On March 25, 2022, the U.S. Department of Justice (DOJ) found the Indiana State Board of Nursing violated Title II of the Americans with Disabilities Act (ADA) when it refused to allow a nurse taking medicine prescribed to treat opioid use disorder (OUD) from participating in the Indiana State Nursing Assistance Program (ISNAP). ISNAP rehabilitates and monitors nurses with drug or alcohol addiction, and participation in the program is typically required to maintain or reinstate an active nursing license necessary for employment.
To treat her OUD, the nurse’s doctor had prescribed buprenorphine, which helped diminish the effects of physical dependency on opioids. The nurse described the medication as “lifesaving, allowing her to function completely normally, be a good mother …, and feel whole again.” But the ISNAP was “an abstinence based program,” and to participate, nurses were required to taper off any medicine used for OUD. The nurse’s doctor determined the nurse should not taper off buprenorphine, believing if she stopped, there was a significant risk of relapse. Her physician’s conclusion was consistent with advice from the U.S. Department of Health and Human Services’ Substance Abuse and Mental Health Services Administration, which has cautioned that “patients who discontinue OUD medication generally return to illicit opioid use.”
Notwithstanding her doctor’s recommendation, and other medical authority, the Indiana State Board of Nursing informed the nurse that she would have to taper off buprenorphine within three months after enrolling in ISNAP. As a result, the nurse did not enroll in ISNAP.
The DOJ’s Analysis and Conclusion
The DOJ first addressed whether the nurse was a qualified individual with a disability under the ADA, which does not protect current illegal drug users. When the nurse applied to participate in ISNAP, she had been rehabilitated successfully and she no longer illegally used drugs. Thus, the DOJ found she was a qualified individual with a disability.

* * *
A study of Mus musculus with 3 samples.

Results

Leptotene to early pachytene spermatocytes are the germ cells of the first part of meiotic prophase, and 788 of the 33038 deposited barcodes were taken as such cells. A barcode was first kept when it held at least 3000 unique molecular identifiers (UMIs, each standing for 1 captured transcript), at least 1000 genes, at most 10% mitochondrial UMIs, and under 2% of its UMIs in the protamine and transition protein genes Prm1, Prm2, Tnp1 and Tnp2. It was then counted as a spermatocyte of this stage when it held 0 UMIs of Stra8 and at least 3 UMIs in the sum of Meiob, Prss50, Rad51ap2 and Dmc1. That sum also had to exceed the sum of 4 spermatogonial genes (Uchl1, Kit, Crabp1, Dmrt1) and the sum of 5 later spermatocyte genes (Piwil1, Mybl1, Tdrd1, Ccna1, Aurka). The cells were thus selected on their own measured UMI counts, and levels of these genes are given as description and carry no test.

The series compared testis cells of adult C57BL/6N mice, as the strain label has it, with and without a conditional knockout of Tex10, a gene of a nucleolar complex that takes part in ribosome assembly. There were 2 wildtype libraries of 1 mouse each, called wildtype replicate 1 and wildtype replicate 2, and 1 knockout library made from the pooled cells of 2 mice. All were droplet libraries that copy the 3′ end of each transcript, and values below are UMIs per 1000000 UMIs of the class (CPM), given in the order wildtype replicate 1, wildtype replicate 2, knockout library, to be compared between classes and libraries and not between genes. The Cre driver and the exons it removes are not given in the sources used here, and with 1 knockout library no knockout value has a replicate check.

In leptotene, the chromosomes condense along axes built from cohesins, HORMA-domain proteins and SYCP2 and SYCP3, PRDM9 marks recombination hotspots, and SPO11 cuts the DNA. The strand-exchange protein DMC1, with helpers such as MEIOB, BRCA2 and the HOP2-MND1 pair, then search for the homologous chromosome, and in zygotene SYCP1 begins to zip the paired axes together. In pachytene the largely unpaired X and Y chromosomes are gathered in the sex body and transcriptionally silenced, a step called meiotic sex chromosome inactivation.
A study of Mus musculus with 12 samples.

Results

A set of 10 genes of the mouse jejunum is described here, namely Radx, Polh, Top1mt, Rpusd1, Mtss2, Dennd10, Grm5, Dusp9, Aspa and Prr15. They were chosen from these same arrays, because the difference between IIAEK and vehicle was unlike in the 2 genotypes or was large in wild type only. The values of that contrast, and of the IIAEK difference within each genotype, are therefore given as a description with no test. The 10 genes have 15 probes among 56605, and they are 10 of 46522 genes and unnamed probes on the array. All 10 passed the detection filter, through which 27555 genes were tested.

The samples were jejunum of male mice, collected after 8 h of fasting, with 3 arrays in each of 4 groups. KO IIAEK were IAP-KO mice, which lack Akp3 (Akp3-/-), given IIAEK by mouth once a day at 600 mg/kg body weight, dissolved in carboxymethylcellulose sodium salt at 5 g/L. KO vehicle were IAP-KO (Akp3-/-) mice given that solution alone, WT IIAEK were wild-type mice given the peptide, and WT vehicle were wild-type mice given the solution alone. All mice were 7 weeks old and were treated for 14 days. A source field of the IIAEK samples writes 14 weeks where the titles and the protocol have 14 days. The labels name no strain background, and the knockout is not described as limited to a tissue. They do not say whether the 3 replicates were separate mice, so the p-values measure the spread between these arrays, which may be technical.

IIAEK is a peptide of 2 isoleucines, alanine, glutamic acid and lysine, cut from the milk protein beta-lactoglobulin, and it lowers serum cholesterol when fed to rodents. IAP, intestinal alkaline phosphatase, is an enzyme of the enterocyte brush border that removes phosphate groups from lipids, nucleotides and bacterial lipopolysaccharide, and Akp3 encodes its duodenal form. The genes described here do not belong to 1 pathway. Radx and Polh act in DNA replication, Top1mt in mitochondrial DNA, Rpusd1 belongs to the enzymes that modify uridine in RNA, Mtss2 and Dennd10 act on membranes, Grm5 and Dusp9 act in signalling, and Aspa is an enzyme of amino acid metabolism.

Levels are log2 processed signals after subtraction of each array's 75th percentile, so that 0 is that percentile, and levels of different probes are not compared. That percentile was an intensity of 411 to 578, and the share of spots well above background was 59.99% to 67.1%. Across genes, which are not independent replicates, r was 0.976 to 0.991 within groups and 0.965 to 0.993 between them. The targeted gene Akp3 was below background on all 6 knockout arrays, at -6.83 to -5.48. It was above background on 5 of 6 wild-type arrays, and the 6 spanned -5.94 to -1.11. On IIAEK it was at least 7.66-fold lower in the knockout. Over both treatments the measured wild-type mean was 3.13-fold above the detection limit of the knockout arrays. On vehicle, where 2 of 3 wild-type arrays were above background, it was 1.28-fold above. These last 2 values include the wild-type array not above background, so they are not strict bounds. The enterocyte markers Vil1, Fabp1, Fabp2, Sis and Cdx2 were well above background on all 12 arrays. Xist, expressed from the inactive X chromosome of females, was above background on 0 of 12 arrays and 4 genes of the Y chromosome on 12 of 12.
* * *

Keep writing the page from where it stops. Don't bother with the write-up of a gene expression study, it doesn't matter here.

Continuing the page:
The DOJ reviewed and discussed substantial medical research regarding medications used to treat OUD and noted that tapering off such medications works for some persons, but not others.
The DOJ concluded the “prohibition on ISNAP participants’ use of OUD medication … penalized [the nurse] for her disability and was not justified by any individualized medical assessment.” (Emphasis added.) The DOJ also determined:
ISNAP’s policy requiring [the nurse] to stop using buprenorphine is not necessary to ensure that she achieve rehabilitation and monitoring for the illegal use of opioids. On the contrary, [the nurse] was prescribed buprenorphine because she had struggled to remain sober without the assistance of OUD medication. Her treatment experience and needs align with medical research ….
The Indiana State Board of Nursing’s Response to the DOJ’s Findings
The Indiana State Board of Nursing responded to the DOJ findings on March 30, 2022, posting a notice informing the public of its intent “to promulgate rules … to remove the ‘abstinence based’ requirement from its [ISNAP], and to require evidence-based treatment.” Stated another way, the Board plans to promulgate rules to assess future applicants’ admission into ISNAP based on the evidence, medical and otherwise, specific to each applicant’s situation.
Analyzing the specific facts and circumstances of each situation is fundamental to determining a covered entity’s obligations under the ADA. The ADA compels private employers and public and private entities to consider potential reasonable accommodations or modifications of a rule or process for an individual with a disability. The fact-specific analysis may result in no change (i.e., upholding the rule or process), a modification to the rule or process, or some other outcome or solution.